Culver City Teachers Seek New Health Benefits

Times Staff Writer

Culver City teachers have presented a 230-signature petition to the city's Board of Education in an attempt to pressure the teachers union and the Culver City Unified School District into negotiating for lifetime health benefits for teachers.

Howard Bennett, a teacher at Culver City High School, said the American Federation of Teachers, the union with bargaining authority in the city, has not been aggressive enough in asking for lifetime health insurance coverage, a benefit granted to all teachers in the Los Angeles Unified School District and more than 100 other districts in the state.

Bennett, a member of the federation, circulated a petition last month asking that health benefits for Culver City teachers be extended for life. Benefits are terminated at age 65.

Nearly 90% of the district's teachers, 230 of about 260, signed the petition, which Bennett presented to the school board Tuesday night.

The union says that money is tight in the district and that teachers would have to give up salary raises to pay for the increased coverage.

Bennett disagrees.

"You shouldn't have to bargain away the right for a decent living wage in order to secure yourself medically after you've become too old to work," he said.

Priority Sought

He said he wants the extension of health benefits to be a priority during salary and benefit negotiations.

Diane Kaiser, federation bargaining representative for Culver City, said a proposal to extend health benefits was on the table last year and will be again in two weeks when negotiations start for next year.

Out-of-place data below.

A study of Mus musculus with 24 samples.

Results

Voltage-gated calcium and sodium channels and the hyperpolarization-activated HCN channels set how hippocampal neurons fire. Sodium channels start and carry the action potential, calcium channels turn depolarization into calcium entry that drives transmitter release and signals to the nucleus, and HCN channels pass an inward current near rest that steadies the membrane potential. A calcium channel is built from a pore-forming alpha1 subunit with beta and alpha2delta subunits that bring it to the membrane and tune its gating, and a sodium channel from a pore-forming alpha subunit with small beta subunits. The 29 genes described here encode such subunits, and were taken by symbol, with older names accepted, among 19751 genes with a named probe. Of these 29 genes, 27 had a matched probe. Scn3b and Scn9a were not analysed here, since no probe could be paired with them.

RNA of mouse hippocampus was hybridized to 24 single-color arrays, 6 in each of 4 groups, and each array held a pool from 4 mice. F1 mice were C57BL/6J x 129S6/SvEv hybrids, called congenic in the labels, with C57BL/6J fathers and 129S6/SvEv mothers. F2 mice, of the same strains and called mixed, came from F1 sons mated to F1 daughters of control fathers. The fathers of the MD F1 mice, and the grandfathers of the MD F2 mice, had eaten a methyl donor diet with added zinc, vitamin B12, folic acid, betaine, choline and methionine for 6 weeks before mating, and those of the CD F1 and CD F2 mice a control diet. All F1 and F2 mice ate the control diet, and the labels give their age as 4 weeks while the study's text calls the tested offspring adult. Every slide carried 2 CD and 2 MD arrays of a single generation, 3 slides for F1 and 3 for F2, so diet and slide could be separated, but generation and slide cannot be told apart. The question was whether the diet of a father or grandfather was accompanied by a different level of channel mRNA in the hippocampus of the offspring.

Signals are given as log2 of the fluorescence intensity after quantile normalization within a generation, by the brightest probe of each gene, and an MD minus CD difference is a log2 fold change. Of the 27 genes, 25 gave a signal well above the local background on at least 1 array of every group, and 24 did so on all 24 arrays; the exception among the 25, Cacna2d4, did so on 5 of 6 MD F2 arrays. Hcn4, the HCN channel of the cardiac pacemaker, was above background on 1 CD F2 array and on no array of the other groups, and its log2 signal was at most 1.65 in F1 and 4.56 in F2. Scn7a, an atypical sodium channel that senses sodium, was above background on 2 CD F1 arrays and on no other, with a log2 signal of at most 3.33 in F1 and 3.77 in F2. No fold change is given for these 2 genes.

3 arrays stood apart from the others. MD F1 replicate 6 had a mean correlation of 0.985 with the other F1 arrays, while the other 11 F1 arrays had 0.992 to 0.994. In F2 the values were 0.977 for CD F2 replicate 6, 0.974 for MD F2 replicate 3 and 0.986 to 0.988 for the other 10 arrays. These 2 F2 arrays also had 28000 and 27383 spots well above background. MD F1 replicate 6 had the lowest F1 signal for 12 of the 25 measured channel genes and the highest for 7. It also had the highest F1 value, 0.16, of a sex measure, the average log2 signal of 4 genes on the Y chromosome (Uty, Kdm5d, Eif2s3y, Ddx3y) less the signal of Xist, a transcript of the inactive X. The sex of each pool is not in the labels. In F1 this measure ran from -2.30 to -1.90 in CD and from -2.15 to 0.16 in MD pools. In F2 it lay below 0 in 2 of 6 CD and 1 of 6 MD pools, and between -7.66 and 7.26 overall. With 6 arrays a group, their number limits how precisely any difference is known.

But she was not optimistic about its chances of being granted.

"Although we all want it, I don't know how at this time it will be logistically possible," she said, estimating the cost of the benefits at $5,000 a year for each 65-year-old retired teacher.

Kaiser, also a teacher at Culver City High School, said if the union pushes for extending health benefits, "there would be no salary increases for umpteen years."

But Bennett called such statements by a union representative "irresponsible and unconscionable."

He said most teachers in the district have neither Social Security nor Medicare benefits. "I don't buy that argument that you have to give up 10, 15 years of raises (to extend health benefits past 65)," he said. "That sounds like management talking and I challenge that."

Expense Cited

Ralph Villani, assistant superintendent who handles negotiations for the school district, said that extending health benefits would be "inordinately expensive."

He said the district is already paying about $100,000 a year for health insurance for teachers who retired before they were 65.

Villani predicted that a U.S. House of Representatives resolution and a corresponding item in the proposed 1987-88 federal budget would settle the issue by the end of the year by making all teachers eligible for Medicare coverage.

One of Bennett's differences with Villani centers on teachers who may not pay into the Medicare system long enough to become eligible for benefits. He said the district should address that problem. Villani said the problem will be taken care of by federal action.

Ellen Patterson, manager of the Social Security unit of the state public employee retirement system, said that teachers hired since March 1, 1986, are eligible for Medicare when they reach 65. She said that in the past, teachers and other government employees were not eligible.

Teachers eligible for Medicare pay 1.45% of their salary and their employer pays a matching amount for the benefit, according to Patterson.

Barbara Wells, a math teacher at Culver City High School, said she signed Bennett's petition and shares his views.

"Right at the time when your medical costs are going up they cut off your medical benefits," she said. "I think it's totally unfair."

Wells, 49, said the district should find out how other small school districts pay for lifetime health benefits and do likewise.

Asked if she would like to see extended health benefits made a priority by the union, Wells, a federation member, replied, "I certainly do think it's a priority. If, as Howard (Bennett) says, some 90% signed his petition, it's a priority."